Investors fear bankrupt BP
NEW YORK -- The stock market had another late-day slide Wednesday -- this time because of fears that the Gulf of Mexico oil spill will threaten BP's dividend and perhaps land the company in bankruptcy court.
The Dow Jones industrials, up about 125 points late morning, closed down 41. Most selling came in the last hour -- the third time in four days that stocks had a late-day drop.
Investors got a "sell" signal from news reports that raised the possibility of worsening financial fallout from the oil spill.
A group of about 30 U.S. lawmakers sent a letter to BP's Chief Executive Officer Tony Hayward, asking him to halt dividend payments and advertising until the leaking well is capped and the spill is cleaned up.
Investors tend to sell any time a company's dividend appears to be in jeopardy. BP is scheduled to make a $2.63 billion payout June 21.
And Fortune.com quoted an analyst as saying BP could be forced to seek bankruptcy protection within about a month.
The worries about BP were enough to make investors shrug off reassuring words about the economy early in the day from Federal Reserve Chairman Ben Bernanke.
BP fell 15.8 percent, and selling spread to other energy companies. Shares of Anadarko Petroleum Corp. -- a part-owner of the rig that caused the spill -- dropped 18.6 percent.
The slide in energy stocks have halted the market's upward momentum, said Peter Boockvar, equity strategist at Miller Tabak.
"The oil stocks are getting killed. They're widely owned, so anytime you see that kind of activity it makes people nervous," he said.
The Dow's decline yesterday occurred after it climbed 123 points on easing concerns that the economy would fall back into recession. The confidence extended into the first part of trading -- lifting the Dow back above 10,000, after Bernanke said debt problems in Europe might amount only to a "modest" drag on the U.S. economy if the financial markets can halt their slide.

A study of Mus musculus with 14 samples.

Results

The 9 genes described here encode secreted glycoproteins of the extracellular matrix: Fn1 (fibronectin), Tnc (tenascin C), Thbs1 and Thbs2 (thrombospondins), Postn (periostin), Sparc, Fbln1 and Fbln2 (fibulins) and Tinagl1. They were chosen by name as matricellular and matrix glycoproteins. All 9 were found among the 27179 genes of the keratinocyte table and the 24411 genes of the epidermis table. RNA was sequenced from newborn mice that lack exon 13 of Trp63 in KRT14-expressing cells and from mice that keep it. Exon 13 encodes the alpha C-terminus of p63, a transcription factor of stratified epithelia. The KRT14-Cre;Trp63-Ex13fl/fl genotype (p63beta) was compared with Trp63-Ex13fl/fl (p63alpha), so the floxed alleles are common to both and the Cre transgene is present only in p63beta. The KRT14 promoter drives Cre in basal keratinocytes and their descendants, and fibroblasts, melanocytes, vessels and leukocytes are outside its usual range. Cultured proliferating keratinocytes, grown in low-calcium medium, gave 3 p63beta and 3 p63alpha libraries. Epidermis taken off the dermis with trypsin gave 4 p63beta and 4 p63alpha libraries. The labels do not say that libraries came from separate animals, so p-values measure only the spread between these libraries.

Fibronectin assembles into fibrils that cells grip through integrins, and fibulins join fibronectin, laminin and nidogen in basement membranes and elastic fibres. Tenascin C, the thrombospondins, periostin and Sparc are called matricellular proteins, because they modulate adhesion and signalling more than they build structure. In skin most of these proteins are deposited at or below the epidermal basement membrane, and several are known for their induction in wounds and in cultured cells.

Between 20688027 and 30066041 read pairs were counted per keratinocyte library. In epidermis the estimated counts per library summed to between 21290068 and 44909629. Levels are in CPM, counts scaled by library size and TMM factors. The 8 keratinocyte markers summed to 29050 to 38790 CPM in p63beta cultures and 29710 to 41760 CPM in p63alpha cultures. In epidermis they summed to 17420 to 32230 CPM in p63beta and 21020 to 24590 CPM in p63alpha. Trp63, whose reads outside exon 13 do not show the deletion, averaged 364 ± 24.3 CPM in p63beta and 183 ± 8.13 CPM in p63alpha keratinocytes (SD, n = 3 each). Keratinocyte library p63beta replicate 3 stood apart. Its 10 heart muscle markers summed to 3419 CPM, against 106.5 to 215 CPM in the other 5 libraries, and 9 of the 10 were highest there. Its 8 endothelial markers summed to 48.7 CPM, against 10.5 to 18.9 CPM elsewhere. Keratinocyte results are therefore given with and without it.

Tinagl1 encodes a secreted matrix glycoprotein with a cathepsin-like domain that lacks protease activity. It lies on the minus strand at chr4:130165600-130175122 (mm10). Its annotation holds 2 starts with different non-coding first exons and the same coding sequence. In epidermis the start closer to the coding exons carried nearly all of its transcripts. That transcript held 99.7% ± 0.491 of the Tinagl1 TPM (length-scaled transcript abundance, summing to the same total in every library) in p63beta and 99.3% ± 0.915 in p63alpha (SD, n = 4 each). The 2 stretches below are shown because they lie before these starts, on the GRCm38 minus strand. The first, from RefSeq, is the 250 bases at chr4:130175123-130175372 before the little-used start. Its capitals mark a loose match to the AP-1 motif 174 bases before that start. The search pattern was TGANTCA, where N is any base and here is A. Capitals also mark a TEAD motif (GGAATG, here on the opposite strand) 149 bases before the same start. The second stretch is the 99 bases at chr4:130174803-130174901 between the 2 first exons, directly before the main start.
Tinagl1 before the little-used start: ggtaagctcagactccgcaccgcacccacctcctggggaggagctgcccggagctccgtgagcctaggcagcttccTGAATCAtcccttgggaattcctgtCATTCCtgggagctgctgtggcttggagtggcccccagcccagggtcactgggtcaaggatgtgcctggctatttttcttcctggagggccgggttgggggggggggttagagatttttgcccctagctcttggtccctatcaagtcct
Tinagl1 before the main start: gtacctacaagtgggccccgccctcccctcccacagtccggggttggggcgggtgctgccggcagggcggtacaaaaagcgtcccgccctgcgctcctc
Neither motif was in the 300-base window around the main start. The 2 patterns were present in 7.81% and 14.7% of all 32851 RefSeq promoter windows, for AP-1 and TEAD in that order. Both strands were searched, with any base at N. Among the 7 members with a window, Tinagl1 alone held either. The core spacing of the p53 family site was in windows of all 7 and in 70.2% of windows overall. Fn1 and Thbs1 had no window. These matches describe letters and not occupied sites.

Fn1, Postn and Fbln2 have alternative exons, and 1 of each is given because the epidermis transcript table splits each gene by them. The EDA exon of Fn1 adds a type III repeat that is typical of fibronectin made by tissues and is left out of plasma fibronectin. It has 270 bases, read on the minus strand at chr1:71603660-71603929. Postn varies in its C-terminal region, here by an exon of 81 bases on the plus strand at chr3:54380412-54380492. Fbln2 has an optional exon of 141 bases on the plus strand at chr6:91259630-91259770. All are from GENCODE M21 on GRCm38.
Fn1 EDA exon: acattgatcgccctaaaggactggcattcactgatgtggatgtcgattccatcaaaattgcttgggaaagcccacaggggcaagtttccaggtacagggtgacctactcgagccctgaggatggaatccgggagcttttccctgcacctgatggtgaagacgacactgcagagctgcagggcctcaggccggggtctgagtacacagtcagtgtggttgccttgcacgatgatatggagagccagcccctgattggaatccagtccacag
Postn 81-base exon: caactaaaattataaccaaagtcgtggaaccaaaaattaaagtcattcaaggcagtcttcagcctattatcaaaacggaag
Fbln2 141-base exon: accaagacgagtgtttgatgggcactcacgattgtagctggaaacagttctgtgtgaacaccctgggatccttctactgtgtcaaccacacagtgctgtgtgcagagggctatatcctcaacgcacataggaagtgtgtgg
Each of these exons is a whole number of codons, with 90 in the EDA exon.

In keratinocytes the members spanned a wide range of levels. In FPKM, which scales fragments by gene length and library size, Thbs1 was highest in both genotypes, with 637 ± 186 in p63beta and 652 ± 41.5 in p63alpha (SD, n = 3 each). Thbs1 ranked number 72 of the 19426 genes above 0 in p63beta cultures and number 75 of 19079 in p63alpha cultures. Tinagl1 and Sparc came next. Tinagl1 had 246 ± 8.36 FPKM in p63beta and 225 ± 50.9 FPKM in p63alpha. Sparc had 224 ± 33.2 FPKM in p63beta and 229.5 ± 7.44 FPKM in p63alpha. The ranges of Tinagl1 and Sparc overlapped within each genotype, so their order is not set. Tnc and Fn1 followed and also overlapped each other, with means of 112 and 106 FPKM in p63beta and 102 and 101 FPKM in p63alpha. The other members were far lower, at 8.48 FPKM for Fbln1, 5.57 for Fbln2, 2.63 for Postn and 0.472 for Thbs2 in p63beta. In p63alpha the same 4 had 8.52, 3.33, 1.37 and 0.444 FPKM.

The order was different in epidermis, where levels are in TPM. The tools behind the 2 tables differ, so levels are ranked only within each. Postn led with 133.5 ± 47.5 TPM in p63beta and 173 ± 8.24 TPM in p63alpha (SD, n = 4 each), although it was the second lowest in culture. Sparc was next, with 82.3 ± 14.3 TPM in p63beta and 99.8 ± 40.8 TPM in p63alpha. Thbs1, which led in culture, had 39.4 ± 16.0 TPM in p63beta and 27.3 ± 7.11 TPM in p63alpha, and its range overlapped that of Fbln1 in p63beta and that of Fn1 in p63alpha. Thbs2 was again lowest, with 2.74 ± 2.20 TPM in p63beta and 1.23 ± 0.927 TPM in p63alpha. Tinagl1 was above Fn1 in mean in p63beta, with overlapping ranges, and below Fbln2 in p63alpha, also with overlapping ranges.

Many traders have been anxious that the Gulf oil spill and spending cuts in Europe could slow the economic recovery. The concerns have pounded U.S. stocks since they set highs so far this year in late April. They are down more than 10 percent since then -- a drop that's known as a "correction."
The Dow fell 40.73, or 0.4 percent, to 9,899.25 after trading as high as 10,065.14. It is down 1,306 points, or 11.7 percent, from its 2010 high of 11,205 reached April 26.
The Standard & Poor's 500 index fell 6.31, or 0.6 percent, to 1,055.69. The Nasdaq composite index fell 11.72, or 0.5 percent, to 2,158.85.
Gold prices retreated after setting a record high a day earlier. Gold fell $15.70 to $1,229.90 an ounce. It rose as high as $1,254.40 an ounce Tuesday.
Crude oil rose $2.39 to $74.38 per barrel on the New York Mercantile Exchange.